May 22, 2000|DEBORA VRANA | TIMES STAFF WRITER

On April 14, it wasn't easy to be Brett O'Brien.

The Nasdaq stock index plummeted nearly 10% that day, slashing market values of a slew of technology companies just as O'Brien was trying to convince venture capitalists that his Santa Monica company, X:drive, was a good place to invest millions of dollars.

"I was scared. All of a sudden people weren't that enthusiastic about Internet stocks," O'Brien said. "I called David and said, 'What's going on here?' He said, 'Don't worry.' "

"David" is David Bohnett, who became $300 million richer after he sold his Internet company, GeoCities, to Yahoo last year. He has since invested $1.75 million in X:drive.

O'Brien kept his cool. This week, X:drive will announce it has raised $45 million from investors, a third round of funding that paves the way for a possible first-time stock sale later this year.

The company's investors include not only Bohnett but such powerhouses as Goldman Sachs, America Online and Wit Capital, as well as Randall Kaplan, an angel investor and co-founder of Akamai Technologies.

In a nutshell, X:drive is a sort of Internet hard drive, allowing users to sign up for 25 megabytes of free storage space. All types of files can be downloaded, including MP3 and multimedia presentations. Fees are charged for more megabytes, though some space can be had for free if users sign up other customers.

The advantage for users, who typically need high-speed Internet access for X:drive to be effective, is that they don't have to overload their computer's hard disk with MP3s, Powerpoint presentations or photos.

X:drive, in turn, profits from fees users pay for more megabyte space (the free 25 megabytes allows only a few files or MP3s), and through banner advertising and sponsorships.

In addition, X:drive recently launched a service that enables users to access their files using any Palm VII or wireless phone. The firm expects that to be a hit with business travelers, who would be able to download a file and send it to a copying service, which could in turn send it to another party. X:drive would profit from that as well.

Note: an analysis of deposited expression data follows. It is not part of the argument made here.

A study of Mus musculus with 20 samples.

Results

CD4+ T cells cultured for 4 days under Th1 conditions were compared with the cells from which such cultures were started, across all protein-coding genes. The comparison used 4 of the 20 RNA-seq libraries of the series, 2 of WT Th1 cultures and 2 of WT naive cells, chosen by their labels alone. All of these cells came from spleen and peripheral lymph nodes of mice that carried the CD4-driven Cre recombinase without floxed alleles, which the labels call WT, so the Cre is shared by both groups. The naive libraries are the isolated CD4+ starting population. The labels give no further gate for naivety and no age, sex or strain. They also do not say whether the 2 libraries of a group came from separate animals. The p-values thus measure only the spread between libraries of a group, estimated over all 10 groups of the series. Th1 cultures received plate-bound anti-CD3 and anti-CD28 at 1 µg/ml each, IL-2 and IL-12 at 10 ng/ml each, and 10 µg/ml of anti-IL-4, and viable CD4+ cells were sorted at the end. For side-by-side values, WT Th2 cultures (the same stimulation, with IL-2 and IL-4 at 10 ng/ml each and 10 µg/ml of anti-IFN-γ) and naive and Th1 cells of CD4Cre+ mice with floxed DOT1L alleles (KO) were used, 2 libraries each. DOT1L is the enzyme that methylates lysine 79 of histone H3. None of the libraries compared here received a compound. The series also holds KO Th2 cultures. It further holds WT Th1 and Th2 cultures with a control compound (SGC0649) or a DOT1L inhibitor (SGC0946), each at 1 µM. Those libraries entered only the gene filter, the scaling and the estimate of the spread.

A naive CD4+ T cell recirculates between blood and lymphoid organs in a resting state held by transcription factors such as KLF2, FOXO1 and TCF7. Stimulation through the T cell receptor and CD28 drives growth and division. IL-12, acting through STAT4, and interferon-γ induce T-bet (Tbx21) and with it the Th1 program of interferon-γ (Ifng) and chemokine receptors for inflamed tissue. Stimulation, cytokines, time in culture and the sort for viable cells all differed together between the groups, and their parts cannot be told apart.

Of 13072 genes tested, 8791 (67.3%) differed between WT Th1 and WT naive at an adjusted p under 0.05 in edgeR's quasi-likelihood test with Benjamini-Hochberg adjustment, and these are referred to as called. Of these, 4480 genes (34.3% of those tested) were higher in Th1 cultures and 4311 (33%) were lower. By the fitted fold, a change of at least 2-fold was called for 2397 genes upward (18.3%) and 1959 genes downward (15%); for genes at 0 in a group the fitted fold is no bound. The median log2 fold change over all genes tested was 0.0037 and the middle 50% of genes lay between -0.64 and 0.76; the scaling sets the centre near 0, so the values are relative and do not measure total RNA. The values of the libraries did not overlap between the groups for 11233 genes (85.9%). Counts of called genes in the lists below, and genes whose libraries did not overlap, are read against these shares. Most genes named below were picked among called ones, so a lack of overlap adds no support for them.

X:drive has 2.3 million customers and about 30,000 new sign-ups each day. About 65% of customers are active users, people who return to the site often to use their X:drive accounts, the company says.

But analysts point out that X:drive is operating in a field crowded with more than 20 competitors, such as I-Drive, the exclusive storage provider for MP3.com; San Francisco-based Driveway, (formerly Atrieva); and @Backup, a San Diego storage-space firm.

"If there are five or six that survive, X:drive will be one of them," said Rob Jones, market analyst with Dataquest, a San Jose technology data firm. "They've got some good backers, and they are extremely good at marketing."

O'Brien says his company is different, not only for its technology--including a "skip-the-download" service that transfers Internet files directly through a high-speed server to a compatible Web site--but also because of its marketing, both on the Internet and elsewhere, including billboards.

O'Brien is no stranger to marketing. Before X:drive, he started Murphy O'Brien Communications, a public relations firm. Last year, he said, he got the entrepreneurial bug and, along with his brother, brainstormed the idea for X:drive. A native of Tennessee who grew up in Florida, O'Brien, 33, is a graduate of the Wharton School of Business. X:drive is his first tech business.

Larry Jones, a vice president of marketing for competitor Driveway, said his company has chosen a different strategy, focusing on partnering with corporations rather than paying for ad campaigns that focus on students and individuals who need space for MP3s or photos.

"This is a market that is evolving and in two years isn't going to look anything like this," said Jones, who predicted survivors will include X:drive and Driveway.

Still, analysts such as Dataquest's Jones question whether X:drive's niche is too small, saying that larger companies might offer a bundle of services consumers need, such as e-mail and storage space, blowing smaller firms out of the water.

"I have reservations about this business model," Jones said.

O'Brien said he eventually expects to offer fax and enhanced e-mail services within X:drive. "Our first goal was to build the membership," he said.

X:drive has expanded rapidly, from 15 employees last year to 180 now in several Santa Monica office buildings, and so far no employee has left voluntarily, the company said. The average age is 30.

Bohnett and Kaplan said the energy and enthusiasm at the company is similar to what they found at GeoCities. "I'm just very excited about this product," Bohnett said.